Playing Nine Pins with Cowboys
Sitting at the bottom of the foothills of North Mountain, high in the ridges near Beaver Lake, nestled in a small hollow easily overlooked by any passerby is an archaic little town. The folks here emerge from their hovels, shanties, and lean-twos clad in forgotten attire. The place is remote and mostly populated with men who wear upon their backs long-sleeved buttoned-up shirts; some double-breasted, and some with leather strings in place of buttons.
Over these can be found vests, and all wear jeans, some blue and some buck skin. And shod on every foot are thick-pointed boots with spurs. The men also don large long dusters, their heads are capped by wide brimmed hats, and their faces grow beards, mustaches, or long sideburns.
The few women residing here are clothed in petticoats, and long dresses that swoosh as they walk and wink tidbits of lace at the ankles. Their feet are shod in pointy boots and shin high laces. Upon their pretty heads are great wide-brimmed hats shining purples, reds, or blacks and plumed with feathers.
Security and protection is not a problem in this tiny little town, for men and women alike are clad in leather gun belts, holstering on each side a hog-leg. Almost every member has a lever action rifle and a scattergun.
No, this is not an Old Dutch settlement from a Washington Irving story, nor is it a ghost town from the Wild West. It’s a place for men and woman alike to get a taste of what is known as Action Cowboy Shooting, the fastest growing competitive shooting sport. Unlike competitively shooting clay pigeons or long-range targets with rifles, the participant uses more than one firearm in a competition.
Staged scenarios are set up and steel targets are shot in various different orders. The use of pistol, rifle, and scattergun also changes in order of play, depending on what the scenario calls for. But all scenarios call for two revolvers, a lever action or pump action rifle and a double barrel shotgun. Firearms can be of any caliber, but the player must have two pistols, one rifle, and one shotgun.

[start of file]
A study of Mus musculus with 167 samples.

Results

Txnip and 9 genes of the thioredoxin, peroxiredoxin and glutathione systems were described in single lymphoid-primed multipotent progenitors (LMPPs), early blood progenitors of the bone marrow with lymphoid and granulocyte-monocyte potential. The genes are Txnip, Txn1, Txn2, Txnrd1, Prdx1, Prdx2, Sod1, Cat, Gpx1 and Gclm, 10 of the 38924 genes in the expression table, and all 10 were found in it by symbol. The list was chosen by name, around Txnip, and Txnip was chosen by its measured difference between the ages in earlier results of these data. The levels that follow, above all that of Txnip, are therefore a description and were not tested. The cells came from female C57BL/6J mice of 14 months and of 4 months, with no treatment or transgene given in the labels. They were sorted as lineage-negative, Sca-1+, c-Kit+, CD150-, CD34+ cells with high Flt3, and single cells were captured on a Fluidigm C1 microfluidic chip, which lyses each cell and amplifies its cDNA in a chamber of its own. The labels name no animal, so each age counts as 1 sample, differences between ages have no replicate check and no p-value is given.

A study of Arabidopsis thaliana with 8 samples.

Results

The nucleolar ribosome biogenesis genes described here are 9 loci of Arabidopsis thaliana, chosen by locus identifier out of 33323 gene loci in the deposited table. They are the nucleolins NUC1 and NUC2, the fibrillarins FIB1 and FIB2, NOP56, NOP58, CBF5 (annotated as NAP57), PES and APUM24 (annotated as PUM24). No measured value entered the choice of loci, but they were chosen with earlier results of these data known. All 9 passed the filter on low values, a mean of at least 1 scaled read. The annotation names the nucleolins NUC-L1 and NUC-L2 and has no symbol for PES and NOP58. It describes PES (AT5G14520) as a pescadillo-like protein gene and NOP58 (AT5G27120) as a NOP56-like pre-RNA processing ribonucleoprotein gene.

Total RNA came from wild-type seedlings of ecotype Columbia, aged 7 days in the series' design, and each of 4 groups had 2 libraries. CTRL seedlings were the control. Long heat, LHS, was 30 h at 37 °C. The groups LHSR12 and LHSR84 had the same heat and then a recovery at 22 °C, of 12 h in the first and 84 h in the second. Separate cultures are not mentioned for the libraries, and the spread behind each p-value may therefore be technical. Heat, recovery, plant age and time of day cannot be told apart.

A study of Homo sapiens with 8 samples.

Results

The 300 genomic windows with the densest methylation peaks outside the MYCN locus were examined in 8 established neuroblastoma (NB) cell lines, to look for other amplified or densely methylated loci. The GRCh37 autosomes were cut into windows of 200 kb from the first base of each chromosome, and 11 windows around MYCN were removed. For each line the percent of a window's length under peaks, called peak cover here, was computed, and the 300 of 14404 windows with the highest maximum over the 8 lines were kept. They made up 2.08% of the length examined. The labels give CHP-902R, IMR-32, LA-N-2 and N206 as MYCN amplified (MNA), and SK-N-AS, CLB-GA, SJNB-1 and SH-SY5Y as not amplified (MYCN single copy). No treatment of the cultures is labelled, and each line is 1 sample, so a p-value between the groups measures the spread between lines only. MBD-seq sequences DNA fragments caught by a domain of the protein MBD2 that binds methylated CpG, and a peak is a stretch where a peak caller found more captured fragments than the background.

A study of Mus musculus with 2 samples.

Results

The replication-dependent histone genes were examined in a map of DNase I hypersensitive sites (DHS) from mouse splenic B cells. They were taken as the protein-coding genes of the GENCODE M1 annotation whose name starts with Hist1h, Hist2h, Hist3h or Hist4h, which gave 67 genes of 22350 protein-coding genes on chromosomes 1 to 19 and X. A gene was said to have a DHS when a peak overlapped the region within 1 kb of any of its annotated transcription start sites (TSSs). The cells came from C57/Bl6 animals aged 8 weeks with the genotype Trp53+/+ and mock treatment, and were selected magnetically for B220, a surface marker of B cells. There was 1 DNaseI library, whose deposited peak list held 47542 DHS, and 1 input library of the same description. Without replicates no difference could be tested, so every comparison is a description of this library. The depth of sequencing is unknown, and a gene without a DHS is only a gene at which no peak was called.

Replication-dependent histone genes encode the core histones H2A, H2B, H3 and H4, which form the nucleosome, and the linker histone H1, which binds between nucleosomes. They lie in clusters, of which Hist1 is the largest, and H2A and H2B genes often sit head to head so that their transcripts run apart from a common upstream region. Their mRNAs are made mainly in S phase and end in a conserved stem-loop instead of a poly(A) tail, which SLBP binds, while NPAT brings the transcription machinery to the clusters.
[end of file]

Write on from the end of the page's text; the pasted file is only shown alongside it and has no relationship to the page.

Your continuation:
Competitors are as congenial and friendly as an ironworker or blacksmith-a down-to-earth laid-back character who is more interested in sharing his knowledge and tools in order to have a potential future friend who will help him out when he finds himself in need. They’re elated when they can assist a stranger with ammunition or lend a gun for a scenario or two, even if the novice can’t hit the rear-end of a cow with a snow shovel.
To participate, all one has to do is bring the firearms described and a box of shells for the shotgun, and three boxes of ammunition for the rifle and the pistols. Ear and eye protection are also required, along with a $10 entry fee, lunch is $5 and soda is 50 cents.
Once a person chooses an alias, they’re placed with a posse-a group of 5-15 people-and begin three scenarios before lunch and three afterwards. The scenarios vary from a stagecoach, saloon, general store, riverboat, or train. Way up high in the Beaver lake area this spectacle of rugged cowboy marksmanship can be found on the Spooky Hollow Gun Club’s grounds.
In a little hollow with a western looking building is the wild western town of El Posse Grande. And on the faade is a shifty little bandito holding playing cards and six-shooters that would make Yosemite Sam run all the way home.
For those who care to brave the wilds of the North Country, meet some gruff but friendly admirers of true gun control, and to step out of their comfort zones for some adventure; this is the place to be. Here with these ghosts Rip Van Winkle himself wouldn’t fall asleep for fear of missing his turn to shoot.
For more information on shooting times or events contact Black Hills Barb at 570-538-9163 or by e-mail “mailto:email@example.com”>firstname.lastname@example.org.